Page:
The Women’s March on Washington Needs to be the Beginning

It’s been a minute since I’ve posted anything in this wee blog. But it’s no secret that I’m a feminist and one that will not allow the most powerful public office or anyone for that matter, stifle my rights. Because as I saw on hundreds of signs yesterday in the thick of the Women’s March on Washington, women’s rights are human rights.

IMG_2650 I’m no stranger to participating in a rally, march or protest. In fact, I grew up in a union household where public demonstrations and standing up for what you believed in was common place. And I knew that no matter what I was planning to do January 21, 2017, I had to be there to witness history…errr Herstory… alongside some of my greatest girlfriends.

Of course there were challenges, the metro stop we arrived at around 8:30 a.m. had to off load two jammed packed trains full of proud “pussy hat” wearing women and men. Naturally in this day of technology we proceeded to tweet our concerns and fare check how much an Uber ride would be to Old Ebbitt Grill where the group of us were to fuel up before stepping out. Needless to say, an Uber was starting at around $42 (and that didn’t include traffic) so we used our ability to walk and hoofed it about four or so miles from Arlington to the restaurant that is just steps from The White House.


After grubbing, we ignored our already barking feet, and trekked to where all the action was.

IT. WAS. PACKED.

While bobbing and weaving through the crowd, I began to notice how my initial fears of safety subsided. In a crowd of 500,000+ people, I felt safe, I felt that everyone there was fired up and ready to go for what they deemed to be their “why” of being present that surrounded a commonality of human rights.

IMG_2655And that’s what I think needs to be addressed — the why. There were two sides of the “why” coin I witnessed during the march, those that were protesting Trump and his hateful campaign rhetoric and those who were marching for women’s rights. And true, sometimes the two did overlap.

For me (as you’ll see in the quick synopsis brought to you by my Snapchat story below) I was there to protect my rights as a woman, rights that have been fought for by those “dope ass females” who have come before me. I marched for my fundamental rights to own my body and not have the government tell me what I can and cannot to do with it. My body, my choice on all accounts. Period. The fact that the government would rather regulate women’s bodies than guns is a reality that I won’t be able to understand (and is a whole ‘nother topic for a whole ‘nother blog).IMG_2668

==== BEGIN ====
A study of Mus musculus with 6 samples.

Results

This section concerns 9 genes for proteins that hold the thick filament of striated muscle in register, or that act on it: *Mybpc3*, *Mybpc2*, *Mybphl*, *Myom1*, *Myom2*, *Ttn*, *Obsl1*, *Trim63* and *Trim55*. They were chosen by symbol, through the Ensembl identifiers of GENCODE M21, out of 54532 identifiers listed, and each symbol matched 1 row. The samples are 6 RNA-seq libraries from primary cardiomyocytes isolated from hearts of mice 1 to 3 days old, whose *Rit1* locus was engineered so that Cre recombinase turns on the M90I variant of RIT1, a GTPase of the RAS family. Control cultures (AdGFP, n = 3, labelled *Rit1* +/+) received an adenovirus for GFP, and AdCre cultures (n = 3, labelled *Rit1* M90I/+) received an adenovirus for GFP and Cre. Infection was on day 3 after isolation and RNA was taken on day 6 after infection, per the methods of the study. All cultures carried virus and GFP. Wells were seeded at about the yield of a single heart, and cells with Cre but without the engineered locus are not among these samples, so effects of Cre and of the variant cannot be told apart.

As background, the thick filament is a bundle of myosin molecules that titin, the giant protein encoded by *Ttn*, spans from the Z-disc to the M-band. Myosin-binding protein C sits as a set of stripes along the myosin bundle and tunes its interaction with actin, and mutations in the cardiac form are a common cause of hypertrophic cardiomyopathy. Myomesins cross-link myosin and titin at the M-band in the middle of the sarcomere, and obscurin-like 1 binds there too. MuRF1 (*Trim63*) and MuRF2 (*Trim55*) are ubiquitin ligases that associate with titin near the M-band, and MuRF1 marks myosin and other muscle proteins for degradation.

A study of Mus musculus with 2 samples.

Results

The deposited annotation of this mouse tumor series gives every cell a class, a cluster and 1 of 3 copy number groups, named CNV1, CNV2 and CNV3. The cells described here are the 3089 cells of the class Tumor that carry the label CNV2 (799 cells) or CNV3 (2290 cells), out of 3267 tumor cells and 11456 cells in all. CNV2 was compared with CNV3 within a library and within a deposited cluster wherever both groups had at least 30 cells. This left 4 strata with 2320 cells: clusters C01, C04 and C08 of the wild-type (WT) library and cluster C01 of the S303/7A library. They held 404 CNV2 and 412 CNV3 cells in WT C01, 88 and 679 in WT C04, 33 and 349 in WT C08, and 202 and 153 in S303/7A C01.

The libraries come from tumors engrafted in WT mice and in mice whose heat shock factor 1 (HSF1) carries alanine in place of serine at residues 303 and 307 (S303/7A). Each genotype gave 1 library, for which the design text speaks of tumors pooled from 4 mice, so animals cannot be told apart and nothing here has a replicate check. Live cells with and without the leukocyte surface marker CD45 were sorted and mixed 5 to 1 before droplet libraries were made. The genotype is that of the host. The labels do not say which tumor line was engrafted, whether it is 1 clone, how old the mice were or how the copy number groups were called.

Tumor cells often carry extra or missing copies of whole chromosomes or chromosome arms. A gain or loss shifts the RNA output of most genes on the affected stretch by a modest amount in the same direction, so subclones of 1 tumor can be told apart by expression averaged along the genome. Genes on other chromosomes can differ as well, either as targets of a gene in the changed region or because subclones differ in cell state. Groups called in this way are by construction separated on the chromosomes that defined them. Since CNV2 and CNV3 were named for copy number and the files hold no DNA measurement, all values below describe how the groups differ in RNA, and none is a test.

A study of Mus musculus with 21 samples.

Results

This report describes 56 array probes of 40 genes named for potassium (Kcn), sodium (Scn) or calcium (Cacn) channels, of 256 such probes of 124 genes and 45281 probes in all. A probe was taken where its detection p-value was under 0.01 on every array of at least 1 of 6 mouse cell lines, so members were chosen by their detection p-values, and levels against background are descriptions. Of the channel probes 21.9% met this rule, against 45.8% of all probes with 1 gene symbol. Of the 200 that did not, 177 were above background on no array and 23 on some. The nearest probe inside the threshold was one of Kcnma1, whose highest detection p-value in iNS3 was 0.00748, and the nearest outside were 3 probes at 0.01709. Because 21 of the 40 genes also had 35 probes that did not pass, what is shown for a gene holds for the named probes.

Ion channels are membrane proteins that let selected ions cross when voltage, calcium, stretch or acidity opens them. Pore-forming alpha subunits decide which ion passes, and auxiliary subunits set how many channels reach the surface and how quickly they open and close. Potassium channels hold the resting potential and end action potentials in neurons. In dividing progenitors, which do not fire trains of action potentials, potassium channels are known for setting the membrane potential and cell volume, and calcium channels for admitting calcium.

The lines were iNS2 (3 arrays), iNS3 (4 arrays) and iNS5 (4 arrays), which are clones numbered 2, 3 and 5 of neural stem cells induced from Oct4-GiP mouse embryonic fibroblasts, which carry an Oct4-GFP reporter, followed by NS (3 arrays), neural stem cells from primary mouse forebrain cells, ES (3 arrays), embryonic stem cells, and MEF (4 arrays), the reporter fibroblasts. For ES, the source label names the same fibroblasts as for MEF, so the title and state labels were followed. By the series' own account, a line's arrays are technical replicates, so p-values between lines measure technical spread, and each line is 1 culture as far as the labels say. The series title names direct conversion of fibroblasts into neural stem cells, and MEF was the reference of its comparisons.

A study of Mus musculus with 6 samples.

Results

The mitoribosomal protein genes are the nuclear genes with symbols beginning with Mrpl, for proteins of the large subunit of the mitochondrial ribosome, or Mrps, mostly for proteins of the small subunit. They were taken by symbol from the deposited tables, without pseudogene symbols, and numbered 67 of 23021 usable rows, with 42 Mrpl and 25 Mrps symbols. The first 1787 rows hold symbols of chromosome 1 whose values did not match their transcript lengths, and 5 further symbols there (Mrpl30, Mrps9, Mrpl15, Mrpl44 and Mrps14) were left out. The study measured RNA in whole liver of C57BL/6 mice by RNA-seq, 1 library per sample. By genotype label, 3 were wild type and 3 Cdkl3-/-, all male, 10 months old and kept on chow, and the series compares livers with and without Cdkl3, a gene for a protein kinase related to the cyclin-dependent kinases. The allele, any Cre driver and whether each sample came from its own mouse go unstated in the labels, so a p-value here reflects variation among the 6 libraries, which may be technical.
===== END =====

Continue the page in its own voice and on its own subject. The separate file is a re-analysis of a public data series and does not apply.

Other folks in attendance were marching against Trump’s hateful rhetoric and unqualified Cabinet picks especially regarding education, climate change and energy. While others I believe were just there to peacefully protest Trump and everything he stands for. Respect to those folks as well.

We heard from a passerby the logistics of the march route, so we relocated to the corner of 14th and Jefferson St. right in front of the Washington Monument and lined the curb awaiting the tidal wave of pink to break over the hill. The five of us linked arms and spilled into the street with many others who flooded the sidewalk to join this monumental movement and become a part of history. Chants immediately began, “tell me what democracy looks like, this is what democracy looks like” and probably my favorite chant of the entire day, “we need a leader, not a creepy tweeter.” How true that is.

I was proud to march shoulder-to-shoulder with my girlfriends who, for the first time, took to the streets to be a part of a public demonstration. We cheered for the solidarity, chanted for change and giggled at the creativity that existed on many signs held high during our time downtown.


Though I can’t quite imbue what it was like to actually be there —  an absolute surreal feeling — the video shows my slice of the experience in a more zoomed in, woman on the ground approach. This wasn’t just a march that was happening in D.C., this was a worldwide march that will continue to be a GLOBAL movement. Though the numbers are unclear, all seven continents — yes, including Antartica — participated in the march.

As reported by the New York Times, attendance in NYC was more than 400,000, according to Mayor Bill de Blasio’s office. The St. Paul police issued official crowd count of 50,000-60,000. Boston was around 175,000 according to a Mayor spokeswoman. The Atlanta Police Department estimated about 60,000. Phoenix estimated 20,000 and the small town of Key West, population 25,000 of that 2,000 people marched. Chicago estimated 250,000 while the Associated Press reported that D.C.’s homeland security director said there was more than 500,000 that organizers told city officials to expect. But based on how it felt down there, I’m thinking it was way more!

But what’s more important than the magnitude of January 21, 2017 is where do we go from here? What can we do to continue our efforts to ensure women’s rights are indeed human rights?! I think Jen Psaki, former White House Communications Director, said it best, ” The march shouldn’t be a moment to rest and celebrate. It should be a warm up.”

It’s time to call your Congressmen and Congresswomen today and everyday forward.